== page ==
When Pete Carroll began poring over film of the Tennessee Titans’ season-opening 38-13 loss to the Arizona Cardinals, he found himself mesmerized by the team that was having its way with the Titans.
“I was really attracted by Arizona’s play,” Carroll said. “They were spectacular. On offense, they were all over the place and did a million different things. Defensively they created so many big plays right from the beginning.”
It’s not too early to brace yourself: By all indications, the NFC West is going to be an absolute powerhouse in 2021, four deep with quality teams. Yeah, we already sensed that, but the results of Week 1 forcefully drove home the point that whichever team runs the gauntlet to win this division will have earned every bit of it.
All four teams had impressive wins, three of them on the road. Each team covered the spread. Each team featured brilliant quarterback play — even by the 49ers’ beleaguered Jimmy G. The average points scored by the NFC West teams (35.3) was the highest of any division. The average of 19 points allowed was the lowest. The average margin of victory (16.3) was the greatest. The NFC West nearly doubled the score of their opponents, 141-76.
In pursuit of the division title — which went to Seattle last year, the 49ers in 2019, and the Rams in 2018 — the margin for error will be minuscule, adding a level of gravity to every single game. That includes Sunday’s home opener for the Seahawks against a Tennessee team that was one win from the Super Bowl two years ago and AFC South champs last year. The Titans will be aiming to show they weren’t as bad as the Cardinals made them look.
The Seahawks could hardly have been more impressive last week, kicking off the season with a dominant 28-16 road win over the Indianapolis Colts. Russell Wilson threw four touchdown passes to highlight a diverse and explosive offense, and the defense pressured Colts QB Carson Wentz throughout the game.
Yet at least two other teams could argue plausibly that they, not the Seahawks, had the best first-week showing from the NFC West.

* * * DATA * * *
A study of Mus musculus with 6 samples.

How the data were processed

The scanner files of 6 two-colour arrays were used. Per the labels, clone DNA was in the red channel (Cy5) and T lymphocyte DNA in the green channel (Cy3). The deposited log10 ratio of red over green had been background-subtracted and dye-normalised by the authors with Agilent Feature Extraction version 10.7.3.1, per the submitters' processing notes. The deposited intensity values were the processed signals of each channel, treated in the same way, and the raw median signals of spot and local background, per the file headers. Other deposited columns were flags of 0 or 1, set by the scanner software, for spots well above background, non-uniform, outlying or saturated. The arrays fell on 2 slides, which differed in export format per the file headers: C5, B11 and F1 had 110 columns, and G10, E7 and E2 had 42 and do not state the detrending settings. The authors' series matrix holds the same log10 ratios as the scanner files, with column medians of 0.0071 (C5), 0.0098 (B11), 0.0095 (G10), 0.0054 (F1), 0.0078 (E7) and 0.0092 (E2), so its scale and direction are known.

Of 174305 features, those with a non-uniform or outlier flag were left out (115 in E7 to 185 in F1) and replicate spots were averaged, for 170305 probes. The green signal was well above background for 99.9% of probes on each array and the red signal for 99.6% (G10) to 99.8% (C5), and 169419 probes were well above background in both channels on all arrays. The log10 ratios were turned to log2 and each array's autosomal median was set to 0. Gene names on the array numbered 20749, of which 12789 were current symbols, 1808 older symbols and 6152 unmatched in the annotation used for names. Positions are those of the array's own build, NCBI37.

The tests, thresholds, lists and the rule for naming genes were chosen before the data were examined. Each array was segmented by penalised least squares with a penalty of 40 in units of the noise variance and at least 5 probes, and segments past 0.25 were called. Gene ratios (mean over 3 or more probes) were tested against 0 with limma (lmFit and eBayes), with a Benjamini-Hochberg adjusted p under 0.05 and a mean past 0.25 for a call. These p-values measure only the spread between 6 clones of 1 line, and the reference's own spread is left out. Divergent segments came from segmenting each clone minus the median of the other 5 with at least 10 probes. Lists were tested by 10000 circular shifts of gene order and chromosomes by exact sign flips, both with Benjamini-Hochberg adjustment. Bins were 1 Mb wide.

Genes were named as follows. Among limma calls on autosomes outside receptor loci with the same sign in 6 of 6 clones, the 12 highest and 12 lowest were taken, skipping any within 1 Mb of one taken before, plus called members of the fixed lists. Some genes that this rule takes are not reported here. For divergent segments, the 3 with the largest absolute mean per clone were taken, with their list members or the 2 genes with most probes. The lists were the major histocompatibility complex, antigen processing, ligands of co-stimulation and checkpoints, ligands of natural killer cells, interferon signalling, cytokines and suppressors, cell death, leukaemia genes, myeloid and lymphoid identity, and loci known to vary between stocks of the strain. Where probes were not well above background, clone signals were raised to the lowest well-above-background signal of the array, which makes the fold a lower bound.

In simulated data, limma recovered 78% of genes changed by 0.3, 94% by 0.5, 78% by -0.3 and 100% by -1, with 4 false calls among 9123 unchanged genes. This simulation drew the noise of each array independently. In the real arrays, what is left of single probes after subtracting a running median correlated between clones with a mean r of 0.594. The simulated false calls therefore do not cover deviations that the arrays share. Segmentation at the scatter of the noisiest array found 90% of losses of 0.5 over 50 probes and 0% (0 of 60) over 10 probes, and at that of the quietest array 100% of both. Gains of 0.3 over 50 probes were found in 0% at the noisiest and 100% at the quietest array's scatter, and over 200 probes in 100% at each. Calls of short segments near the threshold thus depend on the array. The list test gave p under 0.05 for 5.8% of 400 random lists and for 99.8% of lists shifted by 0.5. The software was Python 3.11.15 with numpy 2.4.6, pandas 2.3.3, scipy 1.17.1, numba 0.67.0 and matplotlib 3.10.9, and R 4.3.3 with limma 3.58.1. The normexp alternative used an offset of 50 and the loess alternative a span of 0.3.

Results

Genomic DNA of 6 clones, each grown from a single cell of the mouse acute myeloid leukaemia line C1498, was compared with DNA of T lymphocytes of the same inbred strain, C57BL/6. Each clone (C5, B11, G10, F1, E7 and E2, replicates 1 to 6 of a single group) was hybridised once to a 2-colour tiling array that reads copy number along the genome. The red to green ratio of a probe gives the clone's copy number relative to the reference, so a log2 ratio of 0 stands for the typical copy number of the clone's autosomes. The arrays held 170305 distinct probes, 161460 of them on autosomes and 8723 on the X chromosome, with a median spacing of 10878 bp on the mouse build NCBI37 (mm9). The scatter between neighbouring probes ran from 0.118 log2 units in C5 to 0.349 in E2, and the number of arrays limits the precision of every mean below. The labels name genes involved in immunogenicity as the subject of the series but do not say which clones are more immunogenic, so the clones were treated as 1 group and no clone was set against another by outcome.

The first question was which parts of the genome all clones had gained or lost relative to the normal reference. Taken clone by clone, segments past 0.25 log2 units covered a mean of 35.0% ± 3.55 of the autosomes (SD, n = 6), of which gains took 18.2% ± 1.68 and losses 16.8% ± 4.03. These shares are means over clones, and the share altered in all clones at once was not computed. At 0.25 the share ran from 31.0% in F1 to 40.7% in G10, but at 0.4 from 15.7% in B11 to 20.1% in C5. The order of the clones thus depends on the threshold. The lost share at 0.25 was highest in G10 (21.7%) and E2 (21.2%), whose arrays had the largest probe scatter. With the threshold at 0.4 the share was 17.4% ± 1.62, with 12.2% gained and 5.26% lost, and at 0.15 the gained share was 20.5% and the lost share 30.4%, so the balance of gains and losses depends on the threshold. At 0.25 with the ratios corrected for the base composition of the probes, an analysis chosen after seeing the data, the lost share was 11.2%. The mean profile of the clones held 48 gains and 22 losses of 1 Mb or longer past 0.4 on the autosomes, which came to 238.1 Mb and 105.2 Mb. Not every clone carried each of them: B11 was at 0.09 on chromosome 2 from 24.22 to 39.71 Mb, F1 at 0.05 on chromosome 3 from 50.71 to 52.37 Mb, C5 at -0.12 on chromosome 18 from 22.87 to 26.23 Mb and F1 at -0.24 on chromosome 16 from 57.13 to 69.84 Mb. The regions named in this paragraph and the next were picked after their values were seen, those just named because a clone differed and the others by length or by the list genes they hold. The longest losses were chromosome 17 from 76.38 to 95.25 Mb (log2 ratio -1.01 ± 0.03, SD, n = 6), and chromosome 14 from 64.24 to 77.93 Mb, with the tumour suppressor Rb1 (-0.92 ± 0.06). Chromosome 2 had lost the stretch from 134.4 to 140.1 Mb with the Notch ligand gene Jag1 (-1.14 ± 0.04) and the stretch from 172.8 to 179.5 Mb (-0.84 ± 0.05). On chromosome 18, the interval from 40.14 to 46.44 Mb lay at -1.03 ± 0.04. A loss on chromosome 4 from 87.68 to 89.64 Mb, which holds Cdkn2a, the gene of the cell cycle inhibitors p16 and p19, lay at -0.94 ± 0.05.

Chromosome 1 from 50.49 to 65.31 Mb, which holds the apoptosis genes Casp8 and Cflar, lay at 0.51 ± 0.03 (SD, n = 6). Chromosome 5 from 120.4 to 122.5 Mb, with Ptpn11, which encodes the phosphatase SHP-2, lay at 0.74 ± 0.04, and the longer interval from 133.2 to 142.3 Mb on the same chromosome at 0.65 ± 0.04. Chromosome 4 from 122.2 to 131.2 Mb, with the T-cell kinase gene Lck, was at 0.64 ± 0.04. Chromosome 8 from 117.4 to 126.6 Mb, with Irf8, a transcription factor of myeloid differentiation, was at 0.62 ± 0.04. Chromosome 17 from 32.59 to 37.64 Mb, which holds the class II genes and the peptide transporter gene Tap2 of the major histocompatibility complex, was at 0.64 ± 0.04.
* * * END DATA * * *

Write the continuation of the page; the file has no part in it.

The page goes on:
As mentioned, the Cardinals were dazzling in their three-touchdown-plus win over Tennessee. Kyler Murray threw for four TDs and ran for another. Defensive end Chandler Jones was, in Carroll’s words, “unstoppable,” with five sacks, six quarterback hits, two forced fumbles and four tackles for losses.
The Cardinals, who haven’t had a winning season since 2015 (when they took their turn as division champs), were supposed to be the weak links of the NFC West. Yet they jumped ahead 17-0, outgained Tennessee 416-248 and held the formidable Derrick Henry to 58 yards on 17 carries. Underestimate the Cardinals at your own risk.
The Rams, meanwhile, showed in a 34-14 romp over the Bears that newly acquired Matt Stafford might be the catalyst they hoped for when they traded Jared Goff. Stafford threw for 321 yards and three touchdowns, launching a 67-yard TD pass on his second attempt as a Ram. His quarterback rating was a nearly perfect 156.1 (slightly better than Wilson’s 152.3); by comparison, in 12 years and 165 games with Detroit, Stafford’s highest passer rating was 148.6.
The only NFC West team that had to sweat, and just barely, was the 49ers, who held off Detroit 41-33. But that was after building a 38-10 lead midway through the third quarter. The Lions outscored them 23-3 the rest of the way in what could be termed garbage time, as the 49ers went into prevent mode. The 49ers finished with 442 yards of total offense — more than the Cardinals (416), Rams (386) and Seahawks (381). Jimmy Garoppolo threw for 314 yards, and rookie Trey Lance, the QB heir apparent, was integrated into the game long enough to throw a touchdown pass.
The downside for the 49ers was a season-ending knee injury to cornerback Jason Verrett, exacerbating what was already a position of concern (sound familiar?) and a knee injury to leading rusher Raheem Mostert that also is season-ending.
Health may well turn out to be the deciding factor in determining who emerges at the top of the division. The division games, starting Week 4 (Seattle at San Francisco, Arizona at Los Angeles) will be monumental in all their permutations and combinations.
To which Carroll says: “Bring it on.”
“Oh yeah, it’s going to be really hard,’’ he said. “The division started on fire — and good. They have to play us, and we have to play them. It’s going to make all of us better. The team that comes out and wins this division is going to be ready for whatever. We’ll be ready, so it’s good for us.”
The NFC West has the best overall record of any division over the past five years. Maybe some of those early games will prove to be mirages. But if not, the Seahawks will have to play at an extraordinary high level to come out alive.